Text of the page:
With the onset of April every spring, one conjures the classic baseball films in cinema lore. Certainly The Natural, Bull Durham, Field of Dreams and others of the past several decades come to mind. But it might be a lower-profile film which tells a real baseball story about a fascinating figure which could trump them all.
It goes without saying that the J.R. Richard story is almost totally unknown now. A big league pitcher who dominated baseball until a stroke ended his career and almost took his life, Richard was an imposing figure on the mound as in real life. At 6’8”, he struck out over 300 batters twice in the late 1970s for the Houston Astros and was considered one of baseball’s premier pitchers. But his earnings were mishandled, and after the premature end to his career at age 30, Richard’s life dwindled to the point where he was homeless, living under a Houston freeway overpass. That the team to whom he brought success disregarded him – Richard’s number 50 has not yet been retired by the Astros – was almost as shocking as the near total absence of media coverage about Richard since he involuntarily retired.
That is, until filmmaker Greg Carter recently stepped in. Carter, a Houston native, had known about Richard from his playing days, but he too had not been privy to what happened to the pitcher since the end of his playing days in 1980. “I always thought that JR Richard was a fascinating guy,” Carter stated by phone from his current Los Angeles base. “When I was a little kid in third grade, we would pretend to be J.R. Richard. I was a fan, but when I got into it, there were a lot of things about his character to make it really a story to be told.”
Other than Nolan Ryan, there was no pitcher as feared in the 1970s as Richard, and when Carter explored the story, he found a tale rich in natural drama. “The one thing about JR Richard was that I thought that the story was straight out of the Book of Job,” he elaborated. “That’s kind of the way I approached it. I thought of it as a guy who had everything and lost it. It tied into the biblical aspects of going through the fire and coming out on the other side. Some say that he didn’t quite come out the other side the way I painted it. But it is interesting as a character study to know the will and determination of JR.”
When Carter was in post on a movie in Los Angeles My Big Phat Hip Hop Family, he discovered a producer in Houston who wanted to do a film about Richard, but Carter was hesitant at first. “I thought it was a tough call because it would be a period piece,” Carter stated, “but I said that we would have to go small – no big scenes. We would make a character-driven piece about this guy.”
Diligent research and a meeting with Richard himself convinced Carter to make the film, whose actual tale could be as compelling on film as, for example, the one in Rudy or Raging Bull. “JR was unadulterated power,” he said of the personal meeting. “Just how big his hands were – like you or me holding a golf ball. Standing next to him, I felt small, and I’m 6’5”.”
Shortly, Carter joined the project, which would go on to be titled Resurrection: The JR Richard Story, and would focus on the redemptive aspects of Richard’s downward spiral during and after his peak baseball years, which were arguably just beginning when Richard went down. “I am the son of a preacher,” Carter said, finding a connection to the material. “I think he was proud and would never ask for everything although people [mistook] his pride for arrogance and defiance.”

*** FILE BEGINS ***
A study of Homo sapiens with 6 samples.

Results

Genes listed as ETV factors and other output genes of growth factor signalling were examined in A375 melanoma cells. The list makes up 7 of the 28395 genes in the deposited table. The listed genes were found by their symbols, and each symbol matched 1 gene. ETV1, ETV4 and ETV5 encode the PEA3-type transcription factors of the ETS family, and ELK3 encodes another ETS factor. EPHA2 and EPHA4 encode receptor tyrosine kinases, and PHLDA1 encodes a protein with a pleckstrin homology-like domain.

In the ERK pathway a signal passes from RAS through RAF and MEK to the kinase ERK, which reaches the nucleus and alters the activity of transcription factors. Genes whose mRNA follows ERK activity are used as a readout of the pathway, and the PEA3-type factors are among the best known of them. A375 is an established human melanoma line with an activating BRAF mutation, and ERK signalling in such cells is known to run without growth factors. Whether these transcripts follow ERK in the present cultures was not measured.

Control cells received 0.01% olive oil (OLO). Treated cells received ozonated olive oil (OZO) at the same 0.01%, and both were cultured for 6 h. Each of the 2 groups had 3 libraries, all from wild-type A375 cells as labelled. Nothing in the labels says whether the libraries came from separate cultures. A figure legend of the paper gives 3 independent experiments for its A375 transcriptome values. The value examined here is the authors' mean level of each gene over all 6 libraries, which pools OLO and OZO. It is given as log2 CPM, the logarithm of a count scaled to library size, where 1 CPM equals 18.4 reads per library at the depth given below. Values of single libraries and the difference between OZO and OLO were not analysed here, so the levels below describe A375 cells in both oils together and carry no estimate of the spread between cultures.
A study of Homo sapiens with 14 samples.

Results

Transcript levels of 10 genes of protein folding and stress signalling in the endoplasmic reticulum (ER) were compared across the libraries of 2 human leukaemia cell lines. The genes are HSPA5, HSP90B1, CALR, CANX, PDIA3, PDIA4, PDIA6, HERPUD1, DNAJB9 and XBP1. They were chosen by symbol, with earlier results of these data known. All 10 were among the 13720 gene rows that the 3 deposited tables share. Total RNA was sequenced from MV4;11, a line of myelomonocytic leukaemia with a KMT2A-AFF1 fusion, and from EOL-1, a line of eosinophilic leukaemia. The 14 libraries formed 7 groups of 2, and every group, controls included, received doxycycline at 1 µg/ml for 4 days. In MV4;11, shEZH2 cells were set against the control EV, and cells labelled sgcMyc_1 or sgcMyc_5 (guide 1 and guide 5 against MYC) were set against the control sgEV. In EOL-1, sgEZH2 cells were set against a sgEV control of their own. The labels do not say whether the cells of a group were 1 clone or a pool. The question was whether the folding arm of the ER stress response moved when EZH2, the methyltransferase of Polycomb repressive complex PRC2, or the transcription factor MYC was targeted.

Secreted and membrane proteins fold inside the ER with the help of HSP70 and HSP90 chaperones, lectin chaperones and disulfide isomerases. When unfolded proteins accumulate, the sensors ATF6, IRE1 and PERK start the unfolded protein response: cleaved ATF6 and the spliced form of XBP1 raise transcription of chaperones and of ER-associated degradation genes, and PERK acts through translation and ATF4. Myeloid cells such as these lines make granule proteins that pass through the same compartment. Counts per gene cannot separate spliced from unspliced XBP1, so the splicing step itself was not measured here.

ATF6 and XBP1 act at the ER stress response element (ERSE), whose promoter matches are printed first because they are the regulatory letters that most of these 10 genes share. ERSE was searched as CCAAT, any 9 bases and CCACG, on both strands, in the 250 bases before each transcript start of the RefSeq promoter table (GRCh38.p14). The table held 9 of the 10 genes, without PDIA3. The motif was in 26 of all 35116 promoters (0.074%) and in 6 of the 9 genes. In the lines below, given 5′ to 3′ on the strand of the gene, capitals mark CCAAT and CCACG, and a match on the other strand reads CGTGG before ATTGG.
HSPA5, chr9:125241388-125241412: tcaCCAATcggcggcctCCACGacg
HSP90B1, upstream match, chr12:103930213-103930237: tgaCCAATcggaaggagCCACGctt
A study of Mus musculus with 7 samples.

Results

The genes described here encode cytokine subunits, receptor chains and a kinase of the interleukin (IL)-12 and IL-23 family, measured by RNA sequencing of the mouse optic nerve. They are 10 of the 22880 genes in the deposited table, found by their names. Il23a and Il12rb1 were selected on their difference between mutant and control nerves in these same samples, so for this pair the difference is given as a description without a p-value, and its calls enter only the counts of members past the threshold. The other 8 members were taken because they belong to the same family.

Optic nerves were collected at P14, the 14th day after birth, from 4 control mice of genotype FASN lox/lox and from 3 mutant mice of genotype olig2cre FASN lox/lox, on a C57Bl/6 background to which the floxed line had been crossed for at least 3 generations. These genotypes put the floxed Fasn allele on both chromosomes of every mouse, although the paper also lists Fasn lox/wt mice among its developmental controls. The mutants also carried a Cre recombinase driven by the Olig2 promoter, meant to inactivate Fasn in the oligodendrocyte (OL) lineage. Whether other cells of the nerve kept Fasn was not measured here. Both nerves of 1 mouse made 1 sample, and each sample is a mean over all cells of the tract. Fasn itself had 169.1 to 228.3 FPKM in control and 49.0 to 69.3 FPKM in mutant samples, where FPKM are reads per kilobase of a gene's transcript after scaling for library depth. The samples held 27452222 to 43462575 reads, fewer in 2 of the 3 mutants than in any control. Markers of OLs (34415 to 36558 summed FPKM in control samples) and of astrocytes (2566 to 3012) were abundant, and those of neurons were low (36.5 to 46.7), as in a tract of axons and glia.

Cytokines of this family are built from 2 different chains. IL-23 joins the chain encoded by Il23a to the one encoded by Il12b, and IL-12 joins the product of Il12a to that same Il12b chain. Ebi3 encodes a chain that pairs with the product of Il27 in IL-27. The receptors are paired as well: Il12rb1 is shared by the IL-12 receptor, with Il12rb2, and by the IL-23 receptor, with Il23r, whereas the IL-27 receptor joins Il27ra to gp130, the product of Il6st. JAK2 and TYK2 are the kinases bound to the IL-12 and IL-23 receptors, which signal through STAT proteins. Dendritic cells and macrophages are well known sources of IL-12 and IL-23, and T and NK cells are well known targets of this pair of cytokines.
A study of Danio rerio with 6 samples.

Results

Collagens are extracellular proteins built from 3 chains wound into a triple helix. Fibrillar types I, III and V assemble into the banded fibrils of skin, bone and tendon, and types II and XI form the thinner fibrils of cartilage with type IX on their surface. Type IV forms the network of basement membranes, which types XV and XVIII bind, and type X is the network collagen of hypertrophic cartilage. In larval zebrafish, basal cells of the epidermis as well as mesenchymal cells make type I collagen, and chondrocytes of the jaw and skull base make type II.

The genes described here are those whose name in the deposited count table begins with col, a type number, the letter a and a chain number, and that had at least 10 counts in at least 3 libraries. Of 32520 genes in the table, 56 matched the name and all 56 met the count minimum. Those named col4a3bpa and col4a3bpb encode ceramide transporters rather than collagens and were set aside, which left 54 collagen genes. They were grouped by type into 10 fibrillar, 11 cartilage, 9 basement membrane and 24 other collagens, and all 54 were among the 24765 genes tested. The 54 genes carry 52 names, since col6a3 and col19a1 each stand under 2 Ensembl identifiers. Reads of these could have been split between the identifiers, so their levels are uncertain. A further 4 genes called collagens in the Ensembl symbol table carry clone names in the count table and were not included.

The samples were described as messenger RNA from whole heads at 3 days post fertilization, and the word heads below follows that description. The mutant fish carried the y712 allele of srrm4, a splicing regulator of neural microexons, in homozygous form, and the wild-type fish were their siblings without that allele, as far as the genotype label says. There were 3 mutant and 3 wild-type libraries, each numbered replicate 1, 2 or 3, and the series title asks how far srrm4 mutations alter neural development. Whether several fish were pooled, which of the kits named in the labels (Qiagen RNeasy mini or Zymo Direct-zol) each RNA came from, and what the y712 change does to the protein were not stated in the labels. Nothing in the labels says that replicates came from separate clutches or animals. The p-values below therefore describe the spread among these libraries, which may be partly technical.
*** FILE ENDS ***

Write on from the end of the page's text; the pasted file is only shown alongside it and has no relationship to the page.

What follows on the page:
Certainly, when Richard was being over-played by the Astros, despite warning signs, it can be argued that the team drove him too far, leading to his 1980 stroke, which is portrayed in several of Resurrection’s most effective scenes. “They could have held him back,” Carter said of the Houston franchise. “I think the thing that made this into the fiasco that it turned out to be was that you had a lot of people who were know-it-alls. JR had a problem with the way the Astros were treating him. They ran him into the ground. That’s the team’s mentality, maybe more so with a black athlete. We’re going to work you hard. Like so many things, I pay you to tap dance, you are going to tap dance when I tell you to. They worked JR hard and worked his pitching arm until it cut off circulation until he had a stroke. It took him having a stroke to have everyone say they were sorry.”
In Carter’s film, Richard’s literal rebirth is a key to the story and how the future may play out for Richard. “In the end, there will be a reconciliation with the Astros,” Carter predicted. “He should be a Hall-of-Famer. The organization that you played for should be at the forefront and push it. You have billionaires who own the teams and have millionaires on the field. By the time we get to another owner, I can see the Astros getting him into the Hall of Fame.”
In hindsight, Carter saw his film as a symbol for how athletes enter the professional ranks then decline in the American system due to injury or financial misconduct, both of which happened to Richard. “So many athletes, after their playing days, they are broke,” he reflected. “It’s not just the JR story. It’s a cautionary tale – how things could happen like this. It’s a travesty. As it is, he’s not asking for a handout. He’s just asked to be treated fairly. It was something that never should have happened the way it did.”
Since the triumphs of his film, Carter, a student of Shakespeare, created a modern version of Romeo and Juliet set amongst black and Latino gangs entitled A Gangland Love Story. He next produced Dysfunctional Friends, which he described as “a black version of The Big Chill.” Making his projects consistently for under $500,000, Carter’s next film which he wrote and will directed is called Monica and features a love triangle that takes place against the backdrop of a gentleman’s club.